6 Funny Commencement Speeches
by Rachel Balik
What’s hilarious about graduating college during a recession? The job market probably isn’t, but many graduation speeches have offered audiences a chuckle in years past. Some of them even offered hopeful words about troubled economies! Cheer yourself up with these six funny graduation addresses. They’re guaranteed to be a little more entertaining than the listings on Monster.com.
All the graduation speech hype seemed to begin with the famous Vonnegut “sunscreen” speech, purportedly given during the MIT commencement in 1997. And while anybody in his right mind would agree that you should absolutely wear sunscreen, almost everyone now knows that the speech itself was never delivered to an audience, nor was it written by Vonnegut. Kofi Annan gave the MIT commencement address that year, and the “sunscreen” speech was actually composed by a columnist for the Chicago Tribune, Mary Schmich. She has no idea why people attributed her column to Vonnegut, but Wired magazine reported that she was not even that impressed with it; she thought it was silly. Either way, the advice it contained has become quite famous—director Baz Luhrmann even turned it into a song in 1999.
Ubiquitous and hilarious comedian Will Ferrell gave a real graduation speech at Harvard in 2003. Ferrell warned that his speech would be “unorthodox,” and immediately began fake-crying about his failure to be admitted to Harvard. Although he told the grads, “I’m not one of you,” he promised to be frank with them. (Not Frank from “Old School”—just honest.) Incidentally the economy was also doing quite poorly at the time; while he cracked jokes about it, he had little advice to offer, simply observing, “the chances of landing a decent job are about as good as finding weapons of mass destruction in the Iraqi desert.” While he didn’t have any advice on resume building, he did strongly urge graduates to pay their taxes.
Unlike Will Ferrell, Conan O’Brien actually was “one of them.” Fifteen years after graduating Harvard University, he addressed the Class of 2000 and explained to them: “As you leave these gates and re-enter society, one thing is certain: Everyone out there is going to hate you.” But simply having a (universally resented) Harvard degree is no free ride to the top, he said, using examples from his own struggles to find success as a TV writer and performer. O’Brien urged his audience to keep trying, despite the obstacles in their way, and “when all else fails, there's always delusion.”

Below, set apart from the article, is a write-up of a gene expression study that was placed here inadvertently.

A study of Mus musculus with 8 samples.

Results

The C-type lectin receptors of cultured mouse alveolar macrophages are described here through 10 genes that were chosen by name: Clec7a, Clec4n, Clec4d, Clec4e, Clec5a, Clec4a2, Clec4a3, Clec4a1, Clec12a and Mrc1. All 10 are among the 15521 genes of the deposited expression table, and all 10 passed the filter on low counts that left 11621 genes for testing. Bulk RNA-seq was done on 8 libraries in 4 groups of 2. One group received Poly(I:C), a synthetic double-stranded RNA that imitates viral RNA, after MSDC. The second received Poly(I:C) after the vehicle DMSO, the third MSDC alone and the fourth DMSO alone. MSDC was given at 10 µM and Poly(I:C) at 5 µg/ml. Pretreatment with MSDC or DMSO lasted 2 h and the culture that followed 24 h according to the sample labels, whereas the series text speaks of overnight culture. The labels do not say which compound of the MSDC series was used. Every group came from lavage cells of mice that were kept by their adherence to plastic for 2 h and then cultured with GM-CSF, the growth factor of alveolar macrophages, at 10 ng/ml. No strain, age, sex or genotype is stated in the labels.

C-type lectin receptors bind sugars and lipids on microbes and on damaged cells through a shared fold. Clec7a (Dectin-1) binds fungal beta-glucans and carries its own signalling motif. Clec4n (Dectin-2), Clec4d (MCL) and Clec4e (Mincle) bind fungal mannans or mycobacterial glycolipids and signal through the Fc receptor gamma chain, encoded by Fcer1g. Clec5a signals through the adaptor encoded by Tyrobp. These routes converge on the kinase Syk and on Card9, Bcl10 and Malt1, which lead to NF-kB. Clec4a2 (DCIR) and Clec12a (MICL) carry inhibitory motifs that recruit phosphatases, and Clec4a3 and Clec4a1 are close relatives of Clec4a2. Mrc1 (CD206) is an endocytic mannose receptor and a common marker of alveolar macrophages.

When Jon Stewart spoke at the College of William and Mary in 2004, he began with a “confession” about the doctoral robes he was wearing, saying, “When I am not on television, this is actually how I dress.” Stewart noted that he didn’t quite measure up to the people who had received the honorary doctorate before him. Comparing himself to past recipients Benjamin Franklin and Queen Noor of Jordan, he joked that the quality of the institution must have gone downhill. Like Ferrell, he also reflected on the struggling economy, but he did offer a hopeful outlook on the problem: “things change rapidly, and life gets better in an instant.”
Like other comedians before him, Stephen Colbert made sure to adequately demean his own education when he spoke at Princeton University in 2008. He joked that at his own college, people slept late every morning and were not “go-getters” like the Princeton grads. He said he, and other Americans, liked the “status quo.” He went on, against the grain of most commencement addresses, to ask the graduates to leave the world the way it was. Forget the “you can change the world” shtick, he asserted. He also refrained from advising them to conquer their fears, citing some things he was still afraid of, such as the students themselves.
Cambridge University-educated Sasha Baron-Cohen took a no-fear approach when he gave a speech to the Harvard Class of 2004 in character as his alter-ego, Ali G. He took it upon himself to explain to graduating seniors the proper rules for capitalization of nouns, and claimed that a Lexus and Harvard education had the same economic value. He made offensive sexual gestures, used racial humor and even botched a quote from Martin Luther King Jr.’s “I have a dream” speech. The Harvard Crimson reported that at the end of the address, when he “accidentally” called the school “Princeton,” he was taken away by police in handcuffs, screaming about “police brutality.”